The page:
Jan 4, 2021

Financial resolutions you can stick toIt’s that time of year when we all make our New Year’s resolutions. The secret to a successful resolution is to keep it simple and to break it down to something manageable. For example, don’t’ say “I am going to be debt free.” Rather select one debt that you are committed to paying off in 2021.

If you aim to starting accumulating wealth, decide how much is reasonable to commit and take the time to fill in the paperwork – believe me, filing in forms is the hardest part of the commitment!

Here are some money resolutions that you should aim to achieve this year. Select just one to achieve this month and then add a few into your diary for later in the year.

Put money away for emergencies

Any attempt at building up financial stability starts with an emergency fund. There is no point in focusing on paying off debt without building up a buffer that prevents you from falling back into debt again. The rule of thumb is to have at least three months of expenses set aside, but for now, make your resolution to have at least R15 000 in a savings account set aside for real emergencies.

Start with a single debt

Being debt free starts with a single step. Select just one, relatively small, debt and pay it off. This will be easier to achieve than tackling several debts at once and will provide you with the motivation, and cashflow, to target the next debt. Remember to close the account or cut up the card once that debt is paid, otherwise it is too easy to access the credit again.

Set up an investment debit order

You can start investing for as little as R350 a month. The hard part is selecting the investment and then completing the forms and FICA requirements. Don’t over-analyse it. Just start with a low-cost tax-free savings account offered by a unit trust company or an exchange-traded fund like SatrixNow. Most application forms have the option to include an annual escalation. Commit upfront to increasing that debit order by 10% each year for hassle-free savings.

Make a future commitment to your retirement

Speak to your HR department and ask them to increase your retirement contribution percentage when you receive your next salary increase. The money will be deducted before it hits your bank account, so you will not even miss it.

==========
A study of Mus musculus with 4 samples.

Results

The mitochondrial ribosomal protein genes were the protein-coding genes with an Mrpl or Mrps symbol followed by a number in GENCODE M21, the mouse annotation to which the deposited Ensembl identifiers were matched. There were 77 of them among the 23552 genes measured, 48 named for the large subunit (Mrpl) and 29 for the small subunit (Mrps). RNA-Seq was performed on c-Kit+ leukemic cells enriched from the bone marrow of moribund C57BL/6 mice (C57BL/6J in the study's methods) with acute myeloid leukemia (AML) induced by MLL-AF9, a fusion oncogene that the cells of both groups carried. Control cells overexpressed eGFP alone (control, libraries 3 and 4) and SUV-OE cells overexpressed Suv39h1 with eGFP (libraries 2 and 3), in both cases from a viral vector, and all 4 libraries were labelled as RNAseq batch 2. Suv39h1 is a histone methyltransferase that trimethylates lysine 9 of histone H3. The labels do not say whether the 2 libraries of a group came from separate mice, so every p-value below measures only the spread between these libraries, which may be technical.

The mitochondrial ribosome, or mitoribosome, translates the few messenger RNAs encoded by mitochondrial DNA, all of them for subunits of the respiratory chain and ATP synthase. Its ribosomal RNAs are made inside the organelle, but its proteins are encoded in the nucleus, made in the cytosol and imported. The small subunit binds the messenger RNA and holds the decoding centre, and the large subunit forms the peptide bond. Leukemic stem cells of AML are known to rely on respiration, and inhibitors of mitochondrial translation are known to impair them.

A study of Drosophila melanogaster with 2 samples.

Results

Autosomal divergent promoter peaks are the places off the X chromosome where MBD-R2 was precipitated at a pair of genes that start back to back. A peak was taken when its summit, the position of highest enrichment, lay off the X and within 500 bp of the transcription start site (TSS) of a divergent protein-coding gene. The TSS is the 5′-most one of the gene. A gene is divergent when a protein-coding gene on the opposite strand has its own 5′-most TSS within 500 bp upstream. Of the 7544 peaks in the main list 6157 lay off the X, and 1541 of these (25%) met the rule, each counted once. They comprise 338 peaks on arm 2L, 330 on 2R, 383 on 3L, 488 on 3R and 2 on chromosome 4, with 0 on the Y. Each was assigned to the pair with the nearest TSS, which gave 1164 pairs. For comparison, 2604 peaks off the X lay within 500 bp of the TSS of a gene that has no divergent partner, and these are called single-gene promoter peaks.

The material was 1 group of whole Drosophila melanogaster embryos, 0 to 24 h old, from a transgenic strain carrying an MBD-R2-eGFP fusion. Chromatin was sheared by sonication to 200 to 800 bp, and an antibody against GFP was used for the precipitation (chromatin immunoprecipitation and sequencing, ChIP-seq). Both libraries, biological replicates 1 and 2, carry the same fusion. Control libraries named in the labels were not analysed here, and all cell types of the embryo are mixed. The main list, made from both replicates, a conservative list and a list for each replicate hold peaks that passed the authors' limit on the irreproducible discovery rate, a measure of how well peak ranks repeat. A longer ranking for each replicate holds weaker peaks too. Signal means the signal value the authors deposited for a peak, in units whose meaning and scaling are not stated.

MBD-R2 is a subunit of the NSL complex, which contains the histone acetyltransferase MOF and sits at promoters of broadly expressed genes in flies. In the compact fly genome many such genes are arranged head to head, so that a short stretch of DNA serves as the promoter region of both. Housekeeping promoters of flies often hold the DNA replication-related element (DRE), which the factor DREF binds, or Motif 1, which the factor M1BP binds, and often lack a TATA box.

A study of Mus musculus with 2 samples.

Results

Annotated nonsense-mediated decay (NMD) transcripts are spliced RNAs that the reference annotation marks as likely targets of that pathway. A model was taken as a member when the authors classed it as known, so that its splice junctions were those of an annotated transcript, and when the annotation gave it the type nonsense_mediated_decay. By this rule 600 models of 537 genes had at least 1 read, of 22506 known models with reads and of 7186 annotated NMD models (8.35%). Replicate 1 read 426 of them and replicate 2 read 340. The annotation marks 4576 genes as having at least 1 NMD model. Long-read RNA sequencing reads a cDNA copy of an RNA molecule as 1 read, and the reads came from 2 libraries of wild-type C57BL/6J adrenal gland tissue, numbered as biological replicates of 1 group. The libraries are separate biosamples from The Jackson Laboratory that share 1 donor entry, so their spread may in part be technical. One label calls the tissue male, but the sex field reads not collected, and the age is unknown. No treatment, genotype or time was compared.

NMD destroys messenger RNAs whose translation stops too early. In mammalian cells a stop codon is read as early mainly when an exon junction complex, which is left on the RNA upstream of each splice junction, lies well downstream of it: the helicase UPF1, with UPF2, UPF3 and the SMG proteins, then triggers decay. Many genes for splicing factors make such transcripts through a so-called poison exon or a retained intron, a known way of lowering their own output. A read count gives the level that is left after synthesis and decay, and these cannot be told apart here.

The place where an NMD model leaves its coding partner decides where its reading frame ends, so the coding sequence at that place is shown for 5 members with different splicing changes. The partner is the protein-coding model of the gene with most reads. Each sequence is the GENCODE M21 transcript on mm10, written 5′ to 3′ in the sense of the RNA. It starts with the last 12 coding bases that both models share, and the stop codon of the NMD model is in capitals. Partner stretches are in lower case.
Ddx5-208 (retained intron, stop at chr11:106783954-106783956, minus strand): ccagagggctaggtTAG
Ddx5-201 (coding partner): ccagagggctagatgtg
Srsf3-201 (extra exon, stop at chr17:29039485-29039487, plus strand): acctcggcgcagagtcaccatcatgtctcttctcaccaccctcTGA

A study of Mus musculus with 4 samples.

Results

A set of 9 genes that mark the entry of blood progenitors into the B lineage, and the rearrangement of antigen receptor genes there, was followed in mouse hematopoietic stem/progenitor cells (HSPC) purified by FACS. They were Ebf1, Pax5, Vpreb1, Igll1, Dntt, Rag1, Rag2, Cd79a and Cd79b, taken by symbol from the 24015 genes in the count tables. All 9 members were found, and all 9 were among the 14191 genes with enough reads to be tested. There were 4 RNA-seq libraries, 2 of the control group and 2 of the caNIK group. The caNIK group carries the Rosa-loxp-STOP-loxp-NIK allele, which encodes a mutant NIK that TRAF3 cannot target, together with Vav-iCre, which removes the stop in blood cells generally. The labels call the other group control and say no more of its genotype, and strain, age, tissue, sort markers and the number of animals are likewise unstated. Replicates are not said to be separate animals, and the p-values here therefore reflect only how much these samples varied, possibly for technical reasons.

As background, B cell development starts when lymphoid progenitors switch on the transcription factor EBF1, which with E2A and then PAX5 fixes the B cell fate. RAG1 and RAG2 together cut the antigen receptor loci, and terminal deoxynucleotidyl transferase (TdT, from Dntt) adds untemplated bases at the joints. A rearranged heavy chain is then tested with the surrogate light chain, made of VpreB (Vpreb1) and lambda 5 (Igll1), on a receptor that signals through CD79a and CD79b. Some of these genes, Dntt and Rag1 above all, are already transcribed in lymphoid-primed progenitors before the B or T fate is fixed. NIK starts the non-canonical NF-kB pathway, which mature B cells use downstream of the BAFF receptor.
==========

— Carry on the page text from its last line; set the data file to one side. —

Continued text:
Start a contingency fund

An emergency fund is there for those unexpected life events, but we also have day-to-day expenses that push our finances beyond our budgets. For example, a holiday or buying new furniture. These are not necessarily items you can just pay for from your monthly cash flow but they can be planned for. By building up a contingency fund you don’t have to pull out the credit card or take out a personal loan when you want to spend on non-essentials.

Update your will

Everyone needs to have a will, even if you have no financial dependents. There will still be family or friends responsible for winding up your affairs should something happen to you. A will makes it a lot easier for them. If you haven’t updated or even looked at your will in a few years you need to read through it and see if anything needs to be updated. There are online wills which meet requirements for a small, uncomplicated estate, but if you have children or several assets, it is worth seeing an expert to get the right advice.

Write up a list

It’s time to get your admin in order so book time now in your diary to commit to putting together a list of all your investments, policies and bank accounts. Include the full name of the product as well as the reference number. This will give you an overall idea of what investments and policies you have, and it makes it easier for your family to handle your finances should something happen to you. You may even discover a savings account you had forgotten about.

This article first appeared in City Press.


  1. Good Day
    Kindly send me your weekly tips and newsletter

    • There is a box on the home page to sign up for the newsletter. There was a technical issue last week so please could you try again and let me know if it works

  2. Hi,
    In most of your articles you advice on Satrix products are they good on TFS or RA?Should i consider Allan Gray.

    • Satrix is a range of passive investments – so they just track the average return of the markets it is invested in. Allan Gray is an active manager so makes decisions about what specific shares to invest in. Active managers charge a higher fee for this expertise so this is where the debate comes in. Are their higher fees justified? Personally I have a mix of both. My TFSAs are all with Satrix but I do have my RA with an active manager – this is because I happen to like their process as they target income in retirement. So there is no right or wrong answer – which I guess does make it a bit more complicated. Bottom line, check your total fee structure – if it is more than 1.5% it would be very difficult for an active manager to outperform significantly enough to justify the higher fee

  3. I have been postponing to start saving, this year I am serious about it and I want to do it and see how much I can save.